The 16th-century monastery Moni Agiou Rousanou, built upon sandstone pillars in World Heritage-listed Meteora
Photographer: Justin Foulkes

Set out on foot to explore Greece’s lesser-known north – this self-guided walking itinerary takes you from remote mountain villages to cliff-top monasteries, via the world’s deepest gorge


I want you to try everything,” says Elli Papageorgiou, emerging from the kitchen of her small café in the cobbled square of Kapesovo. She sets down a jug of sour cherry juice on a table heaving with food: cured sausage cut into rounds, fat green olives, garlic toasts heaped with tomatoes, and tiny cakes drenched in syrup. The jug lands with a clatter that startles a pack of sleeping dogs. “Besides, walkers need energy,” she says.

Philoxenia, meaning ‘love of a stranger’, isn’t just a word but a way of life in Greece – a deeply-ingrained culture of hospitality that manifests, mostly simply, as an offering of food. Though the practice is perhaps a little strained in the popular islands, those who seek out the remote northern region of Zagorohoria tend to leave it as friends. For centuries, footpaths were the sole routes connecting its 46 sandstone villages, and these ancient thoroughfares are still the most atmospheric way to get around. The area’s outstanding natural attraction, the Vikos Gorge – known as Greece’s Grand Canyon – can still only be explored on foot.

Kapesovo is one of the smallest of the picturesque grey-stone settlements, and offers a particularly warm welcome to walkers seeking a little RnR before they lace up their boots. Locals always find time to chat with visitors gathered at the pavement tables of Elli’s café, Sterna. While sitting in the shade of the village square’s giant plane tree with a glass of fiery local spirit tsipouro in hand, hours easily disappear.

9.65 KM, 3.5 HOURS

At 900m deep, Zagori’s Vikos Gorge is so enormous, its scale can only be appreciated from certain vantage points. Locals agree that the best of them is the viewpoint at Beloï: the word itself, probably Slavic in origin, means ‘good view’. As well as this unbeatable perspective, the walk here from Kapesovo offers a taster of the sort of terrain you can expect on subsequent (and more challenging) linear walks. It begins with a steep climb up the Vradeto Steps, cut into limestone cliffs like Escher’s never-ending staircase. Many mules have made their way up this old trading route over the centuries, and, like them, I walk the thousand steps of its dry stone path ploddingly.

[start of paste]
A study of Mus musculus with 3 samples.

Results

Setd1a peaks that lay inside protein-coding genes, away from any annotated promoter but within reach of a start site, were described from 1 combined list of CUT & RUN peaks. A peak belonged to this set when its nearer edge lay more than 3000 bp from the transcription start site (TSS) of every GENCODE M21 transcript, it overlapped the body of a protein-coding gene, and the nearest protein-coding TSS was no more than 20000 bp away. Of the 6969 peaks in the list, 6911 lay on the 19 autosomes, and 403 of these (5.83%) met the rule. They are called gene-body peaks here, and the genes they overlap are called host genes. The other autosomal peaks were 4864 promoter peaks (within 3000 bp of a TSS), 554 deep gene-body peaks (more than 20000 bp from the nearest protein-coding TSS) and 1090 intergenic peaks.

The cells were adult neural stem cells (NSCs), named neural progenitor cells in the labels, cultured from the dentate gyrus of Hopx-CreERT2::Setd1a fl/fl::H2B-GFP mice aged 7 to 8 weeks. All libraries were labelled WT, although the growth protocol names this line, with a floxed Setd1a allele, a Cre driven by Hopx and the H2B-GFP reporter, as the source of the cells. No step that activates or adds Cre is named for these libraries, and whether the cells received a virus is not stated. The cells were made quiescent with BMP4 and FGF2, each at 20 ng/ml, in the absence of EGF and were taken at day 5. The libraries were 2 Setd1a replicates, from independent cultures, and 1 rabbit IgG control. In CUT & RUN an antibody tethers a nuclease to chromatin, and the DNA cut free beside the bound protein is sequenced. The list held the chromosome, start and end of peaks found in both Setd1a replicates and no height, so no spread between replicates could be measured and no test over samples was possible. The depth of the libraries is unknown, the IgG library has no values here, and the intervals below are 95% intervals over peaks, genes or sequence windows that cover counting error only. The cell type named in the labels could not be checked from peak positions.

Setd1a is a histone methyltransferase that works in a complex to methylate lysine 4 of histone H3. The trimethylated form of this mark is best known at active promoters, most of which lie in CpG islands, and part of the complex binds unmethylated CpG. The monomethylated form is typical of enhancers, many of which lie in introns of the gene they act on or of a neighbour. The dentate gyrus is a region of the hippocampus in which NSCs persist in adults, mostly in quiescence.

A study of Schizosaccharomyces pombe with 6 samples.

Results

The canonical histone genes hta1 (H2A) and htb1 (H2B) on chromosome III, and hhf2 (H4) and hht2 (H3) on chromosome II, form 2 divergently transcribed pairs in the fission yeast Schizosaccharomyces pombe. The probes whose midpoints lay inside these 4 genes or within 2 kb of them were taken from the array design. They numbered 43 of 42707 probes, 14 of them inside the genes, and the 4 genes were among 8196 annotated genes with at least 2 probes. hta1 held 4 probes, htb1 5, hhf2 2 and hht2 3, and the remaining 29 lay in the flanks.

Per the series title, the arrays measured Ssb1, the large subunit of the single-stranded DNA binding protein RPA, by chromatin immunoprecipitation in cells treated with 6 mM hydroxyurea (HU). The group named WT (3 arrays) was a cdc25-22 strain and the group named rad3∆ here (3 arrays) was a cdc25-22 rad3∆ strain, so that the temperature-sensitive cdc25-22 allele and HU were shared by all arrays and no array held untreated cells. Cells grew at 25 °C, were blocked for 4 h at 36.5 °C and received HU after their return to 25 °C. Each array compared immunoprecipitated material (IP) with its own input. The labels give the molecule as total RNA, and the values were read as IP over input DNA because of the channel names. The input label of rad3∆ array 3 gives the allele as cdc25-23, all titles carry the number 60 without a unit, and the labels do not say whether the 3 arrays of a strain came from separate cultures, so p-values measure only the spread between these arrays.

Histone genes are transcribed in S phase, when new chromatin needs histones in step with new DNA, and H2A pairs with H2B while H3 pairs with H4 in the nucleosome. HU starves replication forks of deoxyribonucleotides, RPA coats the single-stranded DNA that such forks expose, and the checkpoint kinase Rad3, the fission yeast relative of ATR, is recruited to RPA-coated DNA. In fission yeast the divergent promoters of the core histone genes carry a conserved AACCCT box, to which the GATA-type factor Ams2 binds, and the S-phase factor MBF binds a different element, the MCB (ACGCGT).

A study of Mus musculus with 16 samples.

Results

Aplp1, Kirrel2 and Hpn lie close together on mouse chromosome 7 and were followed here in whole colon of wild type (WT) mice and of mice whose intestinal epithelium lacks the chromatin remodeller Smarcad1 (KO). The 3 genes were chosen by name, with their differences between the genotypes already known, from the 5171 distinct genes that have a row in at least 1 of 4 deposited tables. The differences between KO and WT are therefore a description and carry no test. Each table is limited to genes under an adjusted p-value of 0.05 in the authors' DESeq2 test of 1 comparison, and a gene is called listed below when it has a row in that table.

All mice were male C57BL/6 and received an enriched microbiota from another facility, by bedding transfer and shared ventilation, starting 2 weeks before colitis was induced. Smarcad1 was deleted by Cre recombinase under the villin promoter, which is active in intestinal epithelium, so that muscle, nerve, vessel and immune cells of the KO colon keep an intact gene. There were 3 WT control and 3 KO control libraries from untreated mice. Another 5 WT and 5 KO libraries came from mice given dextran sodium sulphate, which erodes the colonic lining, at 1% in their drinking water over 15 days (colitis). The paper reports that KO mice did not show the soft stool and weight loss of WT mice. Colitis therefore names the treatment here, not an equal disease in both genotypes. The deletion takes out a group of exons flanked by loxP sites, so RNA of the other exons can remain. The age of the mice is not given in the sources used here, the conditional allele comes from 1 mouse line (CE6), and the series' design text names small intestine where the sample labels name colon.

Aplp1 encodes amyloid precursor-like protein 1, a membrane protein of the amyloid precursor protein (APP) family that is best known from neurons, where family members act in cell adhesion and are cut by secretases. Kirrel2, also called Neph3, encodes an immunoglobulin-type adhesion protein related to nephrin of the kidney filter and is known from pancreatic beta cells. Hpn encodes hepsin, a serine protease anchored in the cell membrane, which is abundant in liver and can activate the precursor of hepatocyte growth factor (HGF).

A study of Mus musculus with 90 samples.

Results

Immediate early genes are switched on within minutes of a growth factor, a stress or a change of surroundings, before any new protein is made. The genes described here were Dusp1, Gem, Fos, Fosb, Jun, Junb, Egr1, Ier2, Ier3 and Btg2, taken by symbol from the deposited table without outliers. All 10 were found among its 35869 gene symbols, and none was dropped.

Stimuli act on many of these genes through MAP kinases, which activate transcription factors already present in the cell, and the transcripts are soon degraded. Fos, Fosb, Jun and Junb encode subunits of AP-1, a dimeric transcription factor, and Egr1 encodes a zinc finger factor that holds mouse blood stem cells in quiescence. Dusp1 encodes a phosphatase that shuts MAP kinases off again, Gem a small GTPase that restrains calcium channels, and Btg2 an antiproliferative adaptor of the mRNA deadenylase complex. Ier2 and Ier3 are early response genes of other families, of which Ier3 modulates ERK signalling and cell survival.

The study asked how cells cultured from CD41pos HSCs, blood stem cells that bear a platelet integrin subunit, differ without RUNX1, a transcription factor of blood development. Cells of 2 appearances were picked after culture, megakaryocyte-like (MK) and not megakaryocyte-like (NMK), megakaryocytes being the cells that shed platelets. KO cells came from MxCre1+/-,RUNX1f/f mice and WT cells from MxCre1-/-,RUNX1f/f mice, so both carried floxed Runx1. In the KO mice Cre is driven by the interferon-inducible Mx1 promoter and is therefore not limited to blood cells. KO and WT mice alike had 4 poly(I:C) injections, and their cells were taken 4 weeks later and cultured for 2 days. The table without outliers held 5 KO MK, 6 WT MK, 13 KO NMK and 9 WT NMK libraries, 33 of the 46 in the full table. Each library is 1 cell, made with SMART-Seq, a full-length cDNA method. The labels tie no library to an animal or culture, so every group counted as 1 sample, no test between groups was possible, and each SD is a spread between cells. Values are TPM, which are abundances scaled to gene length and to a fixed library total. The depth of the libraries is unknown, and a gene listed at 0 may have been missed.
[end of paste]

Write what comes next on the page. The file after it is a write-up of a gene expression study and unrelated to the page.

The walk flattens out, passing a cluster of beehives circled by an electric fence (intended to keep out honey-guzzling brown bears, not uncommon in this part of Greece) and a tiny, unlocked chapel. Inside, saints and angels with gold leaf halos preside over unlit tapered candles. In the village of Vradeto, frogs swimming in the water trough greet walkers refilling their bottles. After a final scramble through shadowy woodland, nature makes its big reveal: the chasm of the Vikos Gorge, filled with spooling mist, the dry riverbed snaking into the distance like the tail of a retreating beast.

Retracing my steps back to Kapesovo, I find the village preparing for a party: the Feast of the Prophet Elias, its patron saint. A grill set up under a canopy of vines is laden with kebabs, filling the air with smoke and the scent of lamb cooked over coal. Grown-ups chat over cans of Mythos beer, while children play chase around the square. As the night wears on, the melancholy songs of the musicians grow gradually more upbeat. When the music has reached a jig-like intensity, the villagers abandon their seats and join hands, twisting at the hips as they dance in ever-larger circles. There’s no plate smashing, but a man in his sixties breaks free of the group to dance first on some shot glasses, then inside a baking tray, to laughter and applause from the crowds.

12 KM, 4.5 HOURS

The next morning, the village sleeps in, the square deserted but for a cockerel, who crows lustily as if saying goodbye. Today’s walk will take me to one of the more visited of the Zagori villages, Monodendri, from where a path descends into the gorge itself. Paved stone soon gives way to rubble edged by wildflowers and their winged attendants, the yellow-headed flowers used by locals to make ‘mountain tea’ are swarmed by metallic, emerald-coloured beetles, and pale butterflies gather on feathery purple blooms. Dipping in and out of the shade of oak trees, I eventually reach the dry bed of the Voïdomatis River. Crossing it is a high stone arch: the Kontodimos bridge.

One of many built in the 18th and 19th centuries, this bridge – and the 91 others in the area like it – are a vestige of when these walkers’ paths were traders’ highways. During this time, the Ottoman Empire ruled over Greece, but Zagorohoria was safeguarded by its remoteness: the Turks never really managed to gain full control here. Instead, in exchange for guarding the mountain passes and collecting taxes on their behalf, they granted Zagorohorians semi-autonomy and other privileges. Local people grew increasingly prosperous, spending some of their wealth on the fine stone buildings still standing in the villages today.

It’s hard to imagine these pathways thronging with heavily laden mules. They are so peaceful that I encounter no one at all, except when the path meanders into sleepy settlements – Koukouli, Vitsa – where locals drink iced frappes in the shade of plane trees. Every village has one, and, by the time I reach Monodendri’s, the coffees have been swapped for beers, and the lights strung across the town square are already twinkling in the twilight.

Walking your way through Greece, check out LPMI’s June 2018 issue. Pick up a copy from your newsstand or click to subscribe via Zinio or Magzter.